Tips for writing a script
1 May 2014
In my previous article, I described the combination between video clips and Knowledge Management.
In the article, I explained how combining video clips as a complimentary tool for Knowledge Management processes in organizations can assist in increasing the effectiveness of using the organizational knowledge. For instance, combining short video clips of workers telling about their use of insights managed in the database may provide a personal aspect and assist in understanding the need for insight and motivate others to use it as well. Another option is using video clips as a tool for transferring knowledge to workers scattered all over the country. This method is quicker and easier for the worker when compared to reading a new procedure or listening to a frontal tutorial (besides saving money and time, it increases the chance of implementation).
In this article, we'll focus on tips important to remember when writing a script. Your organization/business decided to produce some sort of video clip and now comes the most important stage. This stage lays the foundation on which the video clip is based: the script.
So, what is a script?
Wikipedia defines a script as "A screenplay or script is a written work by screenwriters for a film, video game, or television program. These screenplays can be original works or adaptations from existing pieces of writing. In them, the movement, actions, expression, and dialogues of the characters are also narrated. Since you are not attempting to direct a full cinematic feature and most organizations do not hire script writers, I gathered some tips to assist you in writing a script for your video clip:
Research: you should know the subject that you're write about. For instance, if I'm writing a script about a certain procedure, it is more than advisable to know the procedure thoroughly and even talk to whoever wrote it.
Originality: think of a new, original idea, one interesting enough to become a story.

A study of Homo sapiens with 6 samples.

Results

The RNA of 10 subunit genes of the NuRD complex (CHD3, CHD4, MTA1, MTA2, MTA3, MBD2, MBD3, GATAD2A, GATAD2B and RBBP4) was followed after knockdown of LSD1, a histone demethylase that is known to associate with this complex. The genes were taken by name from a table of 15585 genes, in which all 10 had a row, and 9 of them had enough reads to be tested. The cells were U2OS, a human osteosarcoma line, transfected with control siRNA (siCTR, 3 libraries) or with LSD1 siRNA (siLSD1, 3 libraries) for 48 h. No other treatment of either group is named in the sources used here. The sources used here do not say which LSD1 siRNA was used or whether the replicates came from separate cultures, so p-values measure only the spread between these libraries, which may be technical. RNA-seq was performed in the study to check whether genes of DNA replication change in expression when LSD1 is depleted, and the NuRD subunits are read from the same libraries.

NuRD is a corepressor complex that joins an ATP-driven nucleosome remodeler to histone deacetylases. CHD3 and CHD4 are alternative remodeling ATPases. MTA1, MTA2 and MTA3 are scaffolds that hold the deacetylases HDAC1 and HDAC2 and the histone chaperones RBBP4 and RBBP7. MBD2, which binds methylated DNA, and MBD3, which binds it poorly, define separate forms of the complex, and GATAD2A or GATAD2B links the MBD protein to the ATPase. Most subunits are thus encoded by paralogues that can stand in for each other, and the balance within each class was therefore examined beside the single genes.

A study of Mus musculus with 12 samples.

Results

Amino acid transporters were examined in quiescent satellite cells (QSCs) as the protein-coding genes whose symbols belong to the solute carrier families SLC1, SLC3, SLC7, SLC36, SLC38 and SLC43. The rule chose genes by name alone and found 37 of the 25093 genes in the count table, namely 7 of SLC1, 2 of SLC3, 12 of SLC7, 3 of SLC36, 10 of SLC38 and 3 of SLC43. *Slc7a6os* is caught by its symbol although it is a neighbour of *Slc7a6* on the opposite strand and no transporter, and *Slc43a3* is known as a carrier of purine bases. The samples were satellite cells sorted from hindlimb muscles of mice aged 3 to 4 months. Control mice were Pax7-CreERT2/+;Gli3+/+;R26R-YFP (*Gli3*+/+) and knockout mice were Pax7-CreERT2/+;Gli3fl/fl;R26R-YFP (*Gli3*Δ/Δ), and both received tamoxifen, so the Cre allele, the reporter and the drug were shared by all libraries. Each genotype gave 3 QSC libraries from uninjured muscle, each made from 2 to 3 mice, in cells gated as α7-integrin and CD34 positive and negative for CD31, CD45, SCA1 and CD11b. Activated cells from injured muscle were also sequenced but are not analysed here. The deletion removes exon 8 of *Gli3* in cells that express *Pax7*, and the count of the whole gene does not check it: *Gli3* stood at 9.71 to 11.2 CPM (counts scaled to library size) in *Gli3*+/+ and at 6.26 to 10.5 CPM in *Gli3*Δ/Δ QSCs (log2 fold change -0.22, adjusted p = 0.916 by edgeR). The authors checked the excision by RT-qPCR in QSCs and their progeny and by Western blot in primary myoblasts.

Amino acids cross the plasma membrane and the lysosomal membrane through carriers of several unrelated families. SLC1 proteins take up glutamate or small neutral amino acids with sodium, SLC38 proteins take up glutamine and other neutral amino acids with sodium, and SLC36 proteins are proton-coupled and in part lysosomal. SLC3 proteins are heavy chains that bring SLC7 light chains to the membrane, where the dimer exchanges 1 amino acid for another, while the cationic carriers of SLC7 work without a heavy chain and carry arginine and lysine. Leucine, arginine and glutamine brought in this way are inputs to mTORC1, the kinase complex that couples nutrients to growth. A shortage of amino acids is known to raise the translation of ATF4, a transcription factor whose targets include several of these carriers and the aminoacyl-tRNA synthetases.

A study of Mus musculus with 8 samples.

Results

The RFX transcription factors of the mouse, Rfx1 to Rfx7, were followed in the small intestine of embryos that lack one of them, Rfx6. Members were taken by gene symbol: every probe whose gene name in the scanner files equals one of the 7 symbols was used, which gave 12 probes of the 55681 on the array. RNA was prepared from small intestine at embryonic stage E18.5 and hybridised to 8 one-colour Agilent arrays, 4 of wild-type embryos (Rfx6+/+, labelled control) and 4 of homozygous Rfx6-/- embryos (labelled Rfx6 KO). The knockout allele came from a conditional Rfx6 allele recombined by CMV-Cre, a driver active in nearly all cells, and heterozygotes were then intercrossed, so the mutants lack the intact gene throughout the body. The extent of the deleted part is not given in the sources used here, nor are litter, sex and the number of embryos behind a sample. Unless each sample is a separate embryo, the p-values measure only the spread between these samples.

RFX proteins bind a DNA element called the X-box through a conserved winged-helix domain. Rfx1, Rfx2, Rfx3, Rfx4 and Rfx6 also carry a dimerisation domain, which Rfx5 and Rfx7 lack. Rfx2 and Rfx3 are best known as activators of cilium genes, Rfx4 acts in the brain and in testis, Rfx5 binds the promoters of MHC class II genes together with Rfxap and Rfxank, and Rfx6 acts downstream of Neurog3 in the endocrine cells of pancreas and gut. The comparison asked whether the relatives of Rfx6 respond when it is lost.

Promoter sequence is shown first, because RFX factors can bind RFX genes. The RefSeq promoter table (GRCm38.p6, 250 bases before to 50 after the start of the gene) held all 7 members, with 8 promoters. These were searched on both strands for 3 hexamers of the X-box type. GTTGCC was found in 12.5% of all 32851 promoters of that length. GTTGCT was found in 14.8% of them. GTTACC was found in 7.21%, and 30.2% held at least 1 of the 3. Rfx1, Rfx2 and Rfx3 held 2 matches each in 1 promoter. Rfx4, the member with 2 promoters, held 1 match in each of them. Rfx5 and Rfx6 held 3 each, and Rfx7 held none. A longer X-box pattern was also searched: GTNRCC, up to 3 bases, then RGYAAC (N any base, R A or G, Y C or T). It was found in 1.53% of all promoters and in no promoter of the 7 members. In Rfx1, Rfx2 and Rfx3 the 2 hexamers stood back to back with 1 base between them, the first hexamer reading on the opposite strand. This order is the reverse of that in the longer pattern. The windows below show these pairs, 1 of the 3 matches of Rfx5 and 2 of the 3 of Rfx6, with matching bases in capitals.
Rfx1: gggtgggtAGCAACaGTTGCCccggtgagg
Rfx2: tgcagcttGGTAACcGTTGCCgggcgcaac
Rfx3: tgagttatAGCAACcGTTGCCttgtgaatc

Visuals: focus on the story while using pictures and scenes, rather than using only dialogues and descriptions. Combine pictures and video segments that will generate interest on the viewers' behalf.
Focus: focus on the story itself. Do not get lost in lengthy descriptions that will result in a video clip with too many explanations.
Division to sections: video clips are usually comprised of several scenes, even if the entire video is quite short. Therefore, when writing the script you must divide the entire story to several segments.
Detailed preparation: each scene should be planned in detail: who says what, which characters appear, when each character appears, is there a use of pictures during the video, are there any items that should appear in the video clip. In short, everything you think needs to appear in the clip should appear in the script as well.
Process: a good script is usually written after several drafts. Don't feel bad, therefore, if you wrote 3-4 drafts before reaching your story.
Another eye: it is highly recommended to consult your colleagues regarding the script as early as the initial rough draft. Hear what they have to say or contribute to the writing process.
Those are the main tips I recommend using when writing a script. Remember, writing a script is the most vital part of producing a video clip and as such investing in it is worthwhile.
For more on the subject, ROM Knowledgeware offers a professional course, unique in its range of content and experience, on producing video clips using available means.